Assessing Changes in Fear of Movement in Patients attending Cardiac Rehabilitation: Responsiveness of the TSK-NL Heart Questionnaire
Keywords:Tampa Scale for Kinesiophobia, fear of movement, physical activity, cardiovascular disease, responsiveness, prediction finding, cardiac rehabilitation, exercise
Objectives: The primary objective was to determine the responsiveness of the Dutch version of the 13-item Tampa Scale for Kinesiophobia for cardiac patients (TSK-NL Heart). The secondary objective was to assess changes in kinesiophobia during cardiac rehabilitation.
Methods: Kinesiophobia was measured pre- and post-cardiac rehabilitation using the TSK-NL Heart questionnaire in 109 cardiac patients (61 years; 76% men). The effect size of kinesiophobia score changes was calculated for the full population. A measure that is responsive to change should produce higher effects sizes in patients in whom kinesiophobia improves. Therefore, effect sizes were also calculated for patients who did or did not improve on selected external measures. For this step, the Cardiac Anxiety Questionnaire (CAQ) and the Hospital Anxiety and Depression Scale (HADS) were completed as external measures in a subsample of 58 patients.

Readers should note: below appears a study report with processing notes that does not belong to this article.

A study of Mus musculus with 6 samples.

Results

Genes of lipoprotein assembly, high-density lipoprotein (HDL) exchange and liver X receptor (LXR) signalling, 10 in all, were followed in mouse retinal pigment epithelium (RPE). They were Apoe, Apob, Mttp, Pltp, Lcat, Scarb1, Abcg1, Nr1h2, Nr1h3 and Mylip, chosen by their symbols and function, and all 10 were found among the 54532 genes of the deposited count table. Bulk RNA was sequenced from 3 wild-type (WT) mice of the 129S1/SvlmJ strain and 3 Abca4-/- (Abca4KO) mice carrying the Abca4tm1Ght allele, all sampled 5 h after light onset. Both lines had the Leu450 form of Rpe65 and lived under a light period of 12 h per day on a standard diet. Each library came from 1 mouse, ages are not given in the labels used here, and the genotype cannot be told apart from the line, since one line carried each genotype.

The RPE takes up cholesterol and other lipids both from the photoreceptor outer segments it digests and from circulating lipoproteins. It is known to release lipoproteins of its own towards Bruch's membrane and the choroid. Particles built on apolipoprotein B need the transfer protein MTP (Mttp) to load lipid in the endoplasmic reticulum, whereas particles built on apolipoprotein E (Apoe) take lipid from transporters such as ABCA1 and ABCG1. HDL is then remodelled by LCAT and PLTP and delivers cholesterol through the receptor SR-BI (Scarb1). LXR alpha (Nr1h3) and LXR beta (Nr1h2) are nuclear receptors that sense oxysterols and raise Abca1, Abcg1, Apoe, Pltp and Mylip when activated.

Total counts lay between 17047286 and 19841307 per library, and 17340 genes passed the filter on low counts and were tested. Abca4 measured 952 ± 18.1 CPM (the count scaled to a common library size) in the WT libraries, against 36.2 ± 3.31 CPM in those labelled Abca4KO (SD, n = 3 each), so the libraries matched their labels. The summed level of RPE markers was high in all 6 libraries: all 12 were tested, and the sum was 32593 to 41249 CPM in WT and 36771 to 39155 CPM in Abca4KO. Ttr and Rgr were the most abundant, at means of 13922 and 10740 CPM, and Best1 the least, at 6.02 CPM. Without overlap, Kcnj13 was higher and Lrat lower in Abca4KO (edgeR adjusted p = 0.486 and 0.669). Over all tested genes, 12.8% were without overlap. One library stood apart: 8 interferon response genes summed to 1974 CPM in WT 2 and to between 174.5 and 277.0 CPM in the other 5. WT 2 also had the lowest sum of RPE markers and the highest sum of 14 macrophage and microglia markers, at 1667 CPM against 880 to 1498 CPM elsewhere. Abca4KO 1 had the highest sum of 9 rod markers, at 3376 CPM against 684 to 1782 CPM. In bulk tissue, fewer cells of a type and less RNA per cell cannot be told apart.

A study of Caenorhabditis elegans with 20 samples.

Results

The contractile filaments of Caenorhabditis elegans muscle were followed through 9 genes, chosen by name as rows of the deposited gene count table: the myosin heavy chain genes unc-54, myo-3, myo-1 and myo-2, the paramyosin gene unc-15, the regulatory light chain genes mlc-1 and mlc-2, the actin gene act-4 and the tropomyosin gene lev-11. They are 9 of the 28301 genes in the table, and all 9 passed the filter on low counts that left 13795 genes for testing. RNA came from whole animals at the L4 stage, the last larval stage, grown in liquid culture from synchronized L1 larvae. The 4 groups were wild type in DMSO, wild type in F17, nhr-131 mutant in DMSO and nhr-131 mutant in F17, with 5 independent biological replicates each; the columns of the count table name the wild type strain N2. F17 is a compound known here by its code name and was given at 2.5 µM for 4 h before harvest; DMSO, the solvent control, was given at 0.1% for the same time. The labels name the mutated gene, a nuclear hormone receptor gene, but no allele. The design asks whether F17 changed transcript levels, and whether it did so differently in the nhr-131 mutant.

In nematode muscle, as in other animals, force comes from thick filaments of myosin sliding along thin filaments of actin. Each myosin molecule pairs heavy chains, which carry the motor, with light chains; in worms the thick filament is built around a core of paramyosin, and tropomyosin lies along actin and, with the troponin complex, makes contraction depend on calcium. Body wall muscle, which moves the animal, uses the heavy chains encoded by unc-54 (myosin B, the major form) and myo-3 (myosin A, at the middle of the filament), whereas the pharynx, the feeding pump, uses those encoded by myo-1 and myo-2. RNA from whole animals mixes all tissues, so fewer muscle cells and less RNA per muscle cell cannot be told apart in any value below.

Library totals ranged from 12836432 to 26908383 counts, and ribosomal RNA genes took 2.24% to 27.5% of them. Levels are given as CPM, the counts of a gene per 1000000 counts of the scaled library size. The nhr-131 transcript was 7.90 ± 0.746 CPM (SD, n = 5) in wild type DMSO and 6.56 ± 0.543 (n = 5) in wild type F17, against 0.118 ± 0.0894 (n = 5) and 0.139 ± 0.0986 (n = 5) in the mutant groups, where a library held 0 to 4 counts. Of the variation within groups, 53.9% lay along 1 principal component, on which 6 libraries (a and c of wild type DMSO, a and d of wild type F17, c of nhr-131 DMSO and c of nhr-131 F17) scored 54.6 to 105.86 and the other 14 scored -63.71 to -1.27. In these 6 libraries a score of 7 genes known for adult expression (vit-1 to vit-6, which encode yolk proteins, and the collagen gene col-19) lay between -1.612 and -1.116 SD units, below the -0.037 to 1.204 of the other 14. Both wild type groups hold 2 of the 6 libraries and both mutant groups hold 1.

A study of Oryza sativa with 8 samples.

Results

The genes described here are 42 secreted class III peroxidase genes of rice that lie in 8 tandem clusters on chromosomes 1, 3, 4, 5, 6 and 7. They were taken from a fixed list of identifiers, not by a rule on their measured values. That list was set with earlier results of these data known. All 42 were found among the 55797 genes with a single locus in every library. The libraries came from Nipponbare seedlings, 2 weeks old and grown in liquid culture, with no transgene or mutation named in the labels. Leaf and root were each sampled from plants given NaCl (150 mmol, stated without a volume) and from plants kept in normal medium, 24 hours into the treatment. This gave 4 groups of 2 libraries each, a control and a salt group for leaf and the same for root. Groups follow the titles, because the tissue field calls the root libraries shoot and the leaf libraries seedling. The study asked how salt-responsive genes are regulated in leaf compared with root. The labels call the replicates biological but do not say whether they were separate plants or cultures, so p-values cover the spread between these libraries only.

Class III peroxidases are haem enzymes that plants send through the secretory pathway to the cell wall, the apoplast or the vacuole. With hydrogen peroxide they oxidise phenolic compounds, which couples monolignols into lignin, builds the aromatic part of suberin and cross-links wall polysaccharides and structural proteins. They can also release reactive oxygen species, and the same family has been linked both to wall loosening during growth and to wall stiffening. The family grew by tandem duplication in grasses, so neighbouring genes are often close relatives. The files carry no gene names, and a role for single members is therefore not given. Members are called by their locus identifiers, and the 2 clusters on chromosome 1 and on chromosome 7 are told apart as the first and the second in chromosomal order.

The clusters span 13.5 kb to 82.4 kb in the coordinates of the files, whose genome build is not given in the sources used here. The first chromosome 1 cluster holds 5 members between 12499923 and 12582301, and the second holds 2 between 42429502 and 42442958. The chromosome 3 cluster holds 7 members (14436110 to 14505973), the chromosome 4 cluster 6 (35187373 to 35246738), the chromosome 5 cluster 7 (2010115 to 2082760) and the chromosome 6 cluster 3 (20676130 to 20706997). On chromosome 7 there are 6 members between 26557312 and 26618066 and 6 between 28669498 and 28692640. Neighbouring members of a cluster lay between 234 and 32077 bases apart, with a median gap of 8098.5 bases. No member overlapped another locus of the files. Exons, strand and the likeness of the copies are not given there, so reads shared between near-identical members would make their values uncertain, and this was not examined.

Results: The effect size of the TSK-NL Heart for the full study population was small (0.29). In line with the study hypothesis the effect size was higher (moderate) for patients with improved CAQ (0.52) and HADS scores (0.54). Prevalence of high kinesiophobia levels decreased from 40% pre-cardiac rehabilitation to 26% post-cardiac rehabilitation (p = 0.004).
Conclusion: The TSK-NL Heart has moderate responsiveness and can be used to measure changes in kinesiophobia. Improvements in kinesiophobia were observed during cardiac rehabilitation. Nevertheless, high levels of kinesiophobia were still highly prevalent post-cardiac rehabilitation.
Fear of movement (kinesiophobia) is common in patients referred for cardiac rehabilitation. Before interventions can be designed to target kinesiophobia, the impact of current cardiac rehabilitation programmes on kinesiophobia should be studied. Kinesiophobia is measured with the Tampa Scale for kinesiophobia (TSK-Heart). In order to measure the effect of cardiac rehabilitation on kinesiophobia, the TSK-Heart should be able to detect changes in the level of kinesiophobia (responsiveness). This study determined the responsiveness of the TSK-Heart and assessed changes in the level of kinesiophobia during cardiac rehabilitation, and shows that the TSK-Heart has moderate responsiveness. In addition, it was found that the prevalence of high levels of kinesiophobia, decreased from 40% before cardiac rehabilitation to 26% after cardiac rehabilitation.